Laravel’s collection class is truly wonderful. It contains a lot of handy methods and you can create some very elegant code with it. In client projects I found myself adding the same macro’s over and over again. That’s why my colleague Seb and I took some time to create a package aptly called laravel-collection-macros that contains those macros. You can view the source code and installation instructions on GitHub.

To install the package you’ll only need to pull it via composer and register the service provider. With that out of the way the collection class in your project will gain these methods:


This macro dumps the contents of the collection and terminates the script. It makes debugging a collection much easier.



Image you need to render some items in a given amount of columns. With the split macro you can split the collection into a the given number of groups.

$collection = collect(['a', 'b', 'c', 'd', 'e', 'f'])->split(3);

$collection->count(); // returns 3

$collection->first(); // returns a collection with 'a' and 'b';
$collection->last(); // returns a collection with 'e' and 'f';


With this macro you can validate all items inside a collection. You can pass a validate rule to it.

collect([[email protected]', 'bla'])->validate('email'); // returns false
collect([[email protected]', [email protected]'])->validate('email'); // returns true

//for fine grained control you may also pass a closure.
collect(['foo', 'foo'])->validate(function ($item) {
   return $item === 'foo';
}); // returns true


Creates a new collection instance with a range of numbers. This functions accepts the same parameters as PHP’s standard range function.

collect()->range(1, 3)->toArray(); //returns [1,2,3]


The passed callable will only be called if the collection isn’t empty. The entire collection will be returned.

collect()->ifAny(function() { // empty collection so this won't get called
   echo 'Hello';

collect([1, 2, 3])->ifAny(function() { // non-empty collection so this will get called
   echo 'Hello';


This is the opposite of ifAny.

collect()->ifEmpty(function() { // empty collection so this will called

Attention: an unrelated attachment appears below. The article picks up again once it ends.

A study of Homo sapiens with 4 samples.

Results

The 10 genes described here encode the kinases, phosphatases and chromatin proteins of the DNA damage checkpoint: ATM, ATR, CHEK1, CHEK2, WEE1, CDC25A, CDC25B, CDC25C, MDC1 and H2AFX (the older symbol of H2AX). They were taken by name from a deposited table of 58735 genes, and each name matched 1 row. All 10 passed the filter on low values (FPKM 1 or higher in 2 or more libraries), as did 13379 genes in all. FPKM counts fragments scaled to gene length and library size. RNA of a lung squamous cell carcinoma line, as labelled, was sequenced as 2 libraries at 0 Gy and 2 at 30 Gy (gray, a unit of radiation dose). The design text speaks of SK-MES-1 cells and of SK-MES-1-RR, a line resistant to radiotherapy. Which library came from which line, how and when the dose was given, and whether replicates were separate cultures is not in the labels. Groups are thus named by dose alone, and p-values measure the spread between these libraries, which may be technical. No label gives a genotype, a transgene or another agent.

echo 'Hello';

collect([1, 2, 3])->ifEmpty(function() { // non-empty collection so this won't get called
   echo 'Hello';


Checks whether a collection doesn’t contain any occurrences of a given item, key-value pair, or passing truth test. The function accepts the same parameters as the contains collection method.

collect(['foo'])->none('bar'); // returns true
collect(['foo'])->none('foo'); // returns false

collect([['name' => 'foo']])->none('name', 'bar'); // returns true
collect([['name' => 'foo']])->none('name', 'foo'); // returns false

collect(['name' => 'foo'])->none(function ($key, $value) {
   return $key === 'name' && $value === 'bar';
}); // returns true


This is a very opinionated macro. It works similar to groupBy, but it’ll group the collection by an Eloquent model instead of a string. Imagine that your project contains an Article model that has a relationship with a Category model. In your view you want to render all articles grouped by category.

Sure you could to this:

Article::all()->groupBy(function(Article $article) {
  return $article->category->name;

That’ll work but the downside of it is that you only have the name of the category left when looping over the resulting collection.

When using the groupByModel macro you still can get to all properties of the category.

Article::all()->groupByModel('category'); //this returns something like this // [ // [ // 'category' => $category, // 'items' => [ // [ // articles models with the category], // ], // ], // [ // 'category' => $category2, // 'items' => [ // [ // article models with $category 2 ], // ], // ], // ];

Want to know more about the package, then head over to GitHub to learn all the options. We do accept new macro’s to the package, so if you’ve got a macro lying around that could be useful to your fellow artisans, send us a PR.

You can take a look at the Laravel packages we previously made on our website. If one of our packages makes it to your production environment don’t forget to send us a postcard.

Freek Van der Herten is a partner and developer at Spatie, an Antwerp based company that specializes in creating web apps with Laravel. After hours he writes about modern PHP and Laravel on this blog. When not coding he’s probably rehearsing with his kraut rock band.